By Michelle Yeomans , 29-May-2012
Last updated on 30-May-2012 at 12:59 GMT

CIQ sets down rules for importing cosmetic samples in China

After announcing cosmetic companies were no longer required to obtain a CIQ label  on imported cosmetics for China in March, the Shanghai Exit-Entry Inspection and Quarantine Bureau has now set down specific guidelines to be implemented from the 1st July.  

The new rules are of particular importance to companies who are bringing cosmetic samples to China for testing, exhibition or R&D purposes whereby the samples imported do not require registration with the State Food and Drug Administration (SFDA).

However, the China Exit-Entry Inspection and Quarantine Bureau (CIQ) stresses that cosmetic companies will still be required to provide certain documents when applying for custom clearance for imports at the port of entry.

The specifics

Divided into four categories with each containing its own requirements, cosmetic companies can apply for an inspection directly from Shanghai CIQ by providing the following documents illustrated in the table below.

 

Category of Cosmetic Samples

           Procedure  & Requirements             

 

Sample to be tested in labs designated by government

 

  • A statement from the official labs;
  • A statement on the use of imported cosmetics;
  • The quantity of samples shall not exceed the quantity given in the statement of official lab;
  • Hygiene license or record-keeping certificate is not required
  • Chinese label is not required

Sample used for internal research   & development or quality assurance testing

The company who conducts R&D activities or  quality assurance shall register itself with Shanghai CIQ first by providing the following documents, pass CIQ’s on-site inspection and then obtain a record-keeping certificate from CIQ prior to importing any cosmetic samples.

  • A copy of business license with stamp;
  • A statement on the use of imported cosmetics;
  • Operation procedure for R&D or quality assurance;
  • Product categories and estimated quantity within next 2 years;
  • Descriptions of the qualifications of staff or labs;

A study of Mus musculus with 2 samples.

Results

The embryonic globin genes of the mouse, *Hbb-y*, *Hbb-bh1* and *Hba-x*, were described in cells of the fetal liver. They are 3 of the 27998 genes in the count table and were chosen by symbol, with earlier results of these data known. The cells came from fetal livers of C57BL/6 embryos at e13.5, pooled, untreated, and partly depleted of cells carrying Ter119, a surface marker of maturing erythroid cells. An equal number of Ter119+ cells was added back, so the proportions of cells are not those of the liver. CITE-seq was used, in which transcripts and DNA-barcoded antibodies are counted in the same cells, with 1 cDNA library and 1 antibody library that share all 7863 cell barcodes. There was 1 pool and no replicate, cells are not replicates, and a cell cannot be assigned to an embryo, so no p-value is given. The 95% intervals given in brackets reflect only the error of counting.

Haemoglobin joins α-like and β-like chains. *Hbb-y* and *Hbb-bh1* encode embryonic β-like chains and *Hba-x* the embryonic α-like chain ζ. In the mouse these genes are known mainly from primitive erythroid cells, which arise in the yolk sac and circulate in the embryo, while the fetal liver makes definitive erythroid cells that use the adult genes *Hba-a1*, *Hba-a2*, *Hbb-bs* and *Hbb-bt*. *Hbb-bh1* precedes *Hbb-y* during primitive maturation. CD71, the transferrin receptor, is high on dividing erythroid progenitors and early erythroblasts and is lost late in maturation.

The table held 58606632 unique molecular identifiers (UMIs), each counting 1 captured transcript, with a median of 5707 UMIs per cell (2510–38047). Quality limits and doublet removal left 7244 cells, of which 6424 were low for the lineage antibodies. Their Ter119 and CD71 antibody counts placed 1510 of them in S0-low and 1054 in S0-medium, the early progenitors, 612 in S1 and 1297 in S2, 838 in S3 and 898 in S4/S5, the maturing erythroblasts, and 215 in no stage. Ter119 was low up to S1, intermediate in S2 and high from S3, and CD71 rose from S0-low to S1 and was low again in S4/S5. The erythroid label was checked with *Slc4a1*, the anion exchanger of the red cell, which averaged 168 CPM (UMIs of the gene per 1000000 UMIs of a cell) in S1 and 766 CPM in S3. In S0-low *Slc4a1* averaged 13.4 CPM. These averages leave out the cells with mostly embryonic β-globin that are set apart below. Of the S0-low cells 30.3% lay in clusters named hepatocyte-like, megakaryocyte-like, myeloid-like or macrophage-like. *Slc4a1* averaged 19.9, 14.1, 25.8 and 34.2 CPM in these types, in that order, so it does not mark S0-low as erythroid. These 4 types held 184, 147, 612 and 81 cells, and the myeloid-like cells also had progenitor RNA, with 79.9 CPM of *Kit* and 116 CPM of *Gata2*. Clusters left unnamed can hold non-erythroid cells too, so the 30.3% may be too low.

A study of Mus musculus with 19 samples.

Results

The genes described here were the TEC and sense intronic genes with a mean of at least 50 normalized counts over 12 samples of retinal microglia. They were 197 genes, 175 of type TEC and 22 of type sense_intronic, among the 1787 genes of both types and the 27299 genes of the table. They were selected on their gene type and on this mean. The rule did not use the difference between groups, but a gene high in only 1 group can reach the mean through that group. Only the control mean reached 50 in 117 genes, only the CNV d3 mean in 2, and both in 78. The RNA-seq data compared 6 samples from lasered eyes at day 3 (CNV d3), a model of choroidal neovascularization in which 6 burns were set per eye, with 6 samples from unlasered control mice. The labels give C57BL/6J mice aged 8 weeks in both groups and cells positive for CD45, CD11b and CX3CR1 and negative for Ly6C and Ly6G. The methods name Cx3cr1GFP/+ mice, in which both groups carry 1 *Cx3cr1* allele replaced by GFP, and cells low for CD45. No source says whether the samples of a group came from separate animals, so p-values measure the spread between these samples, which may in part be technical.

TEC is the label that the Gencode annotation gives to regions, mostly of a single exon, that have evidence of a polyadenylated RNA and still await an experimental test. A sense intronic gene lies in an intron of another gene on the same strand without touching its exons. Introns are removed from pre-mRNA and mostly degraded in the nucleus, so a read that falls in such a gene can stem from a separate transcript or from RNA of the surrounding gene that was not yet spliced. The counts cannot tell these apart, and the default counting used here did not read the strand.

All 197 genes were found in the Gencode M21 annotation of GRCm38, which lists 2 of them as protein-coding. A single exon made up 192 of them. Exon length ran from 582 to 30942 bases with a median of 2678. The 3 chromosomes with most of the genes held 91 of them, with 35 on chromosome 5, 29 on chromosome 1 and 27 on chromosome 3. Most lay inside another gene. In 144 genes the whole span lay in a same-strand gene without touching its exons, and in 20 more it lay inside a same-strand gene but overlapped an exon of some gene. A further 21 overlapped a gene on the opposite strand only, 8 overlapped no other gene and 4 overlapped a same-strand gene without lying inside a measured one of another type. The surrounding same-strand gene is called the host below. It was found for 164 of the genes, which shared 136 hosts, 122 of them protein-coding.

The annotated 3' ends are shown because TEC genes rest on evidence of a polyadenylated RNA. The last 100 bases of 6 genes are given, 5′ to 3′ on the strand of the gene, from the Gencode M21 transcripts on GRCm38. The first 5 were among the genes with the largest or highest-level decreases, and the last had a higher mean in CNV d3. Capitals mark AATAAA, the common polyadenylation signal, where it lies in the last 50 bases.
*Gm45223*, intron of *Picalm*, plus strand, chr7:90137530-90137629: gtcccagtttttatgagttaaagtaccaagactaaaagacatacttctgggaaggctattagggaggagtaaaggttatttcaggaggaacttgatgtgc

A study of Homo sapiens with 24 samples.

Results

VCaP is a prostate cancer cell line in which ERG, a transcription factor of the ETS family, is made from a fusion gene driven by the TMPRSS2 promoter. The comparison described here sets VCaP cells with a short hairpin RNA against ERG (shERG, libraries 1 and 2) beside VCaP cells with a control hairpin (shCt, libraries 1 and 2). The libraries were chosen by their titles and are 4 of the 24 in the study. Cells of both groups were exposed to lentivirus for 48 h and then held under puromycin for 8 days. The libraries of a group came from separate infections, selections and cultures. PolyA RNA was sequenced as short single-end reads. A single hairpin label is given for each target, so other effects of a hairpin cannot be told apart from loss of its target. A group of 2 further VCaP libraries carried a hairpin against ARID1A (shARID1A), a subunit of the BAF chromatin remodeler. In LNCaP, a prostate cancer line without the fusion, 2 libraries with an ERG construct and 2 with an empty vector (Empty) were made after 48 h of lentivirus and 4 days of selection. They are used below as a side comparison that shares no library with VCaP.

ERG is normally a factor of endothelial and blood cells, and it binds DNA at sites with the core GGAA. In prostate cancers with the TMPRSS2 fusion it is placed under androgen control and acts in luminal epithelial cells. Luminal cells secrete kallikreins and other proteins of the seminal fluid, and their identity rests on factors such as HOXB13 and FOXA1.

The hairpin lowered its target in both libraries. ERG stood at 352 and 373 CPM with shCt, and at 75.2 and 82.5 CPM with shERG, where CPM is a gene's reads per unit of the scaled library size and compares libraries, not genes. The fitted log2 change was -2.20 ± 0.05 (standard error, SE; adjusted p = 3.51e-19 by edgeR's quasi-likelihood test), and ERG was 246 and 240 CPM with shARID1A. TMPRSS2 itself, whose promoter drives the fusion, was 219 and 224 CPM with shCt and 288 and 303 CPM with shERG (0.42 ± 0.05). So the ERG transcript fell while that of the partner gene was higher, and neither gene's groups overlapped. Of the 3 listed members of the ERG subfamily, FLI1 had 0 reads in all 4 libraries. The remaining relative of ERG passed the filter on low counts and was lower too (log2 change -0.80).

• A letter stating that samples will not be sold to the public;
  • Contract agreement with disposal service provider and qualification of the disposal service provider.

After obtaining a keeping certificate for CIQ, the company can import cosmetic samples and apply for an inspection by providing the following documents:

  • A copy of record-keeping certificate issued by CIQ;
  • Application form and list of imported goods;

 

Sample used for trial on targeted human group

Similar to the process for sample used for R&D except that:

  • Risk management measures is required for such trial;
  • Product formula is required when applying for an inspection

Sample used for exhibition, internal display or training and other samples

 

  • A copy of business license with stamp;
  • Company description and letter of commitment;
  • Application form and list of imported goods;
  • Product formula.

 

Background

The new rules have been made in accordance with the AQSIQ Order No. 143 of 2011 - The Administrative Measures on the Inspection, Quarantine and Supervision of Import and Export of Cosmetics that came into force on 1 Feb 2012, outling requirements on the inspection of imported cosmetics.

However, the Order did not explain in detail how cosmetic samples were to be inspected at the port of entry, the rules published by Shanghai CIQ is said to have solved this issue.

Then....

In March, the CIQ declared it “will no longer issue labels for imported cosmetics that have passed CIQ's inspections."

The older version of the Order required imported cosmetics to pass the inspection of the AQSIQ while also being affixed with a China Inspection and Quarantine label as without it the product was not allowed onto the Chinese market.

All cosmetics imported to China for the first time still have to pass [the] CIQ's inspection, it is still mandatory.”

Then, April Guo, CIRS spokesperson told CosmeticsDesign.com USA "It is easy to buy fake CIQ labels and put them on imported cosmetics, the goal of using CIQ labels to protect consumers can easily be undermined."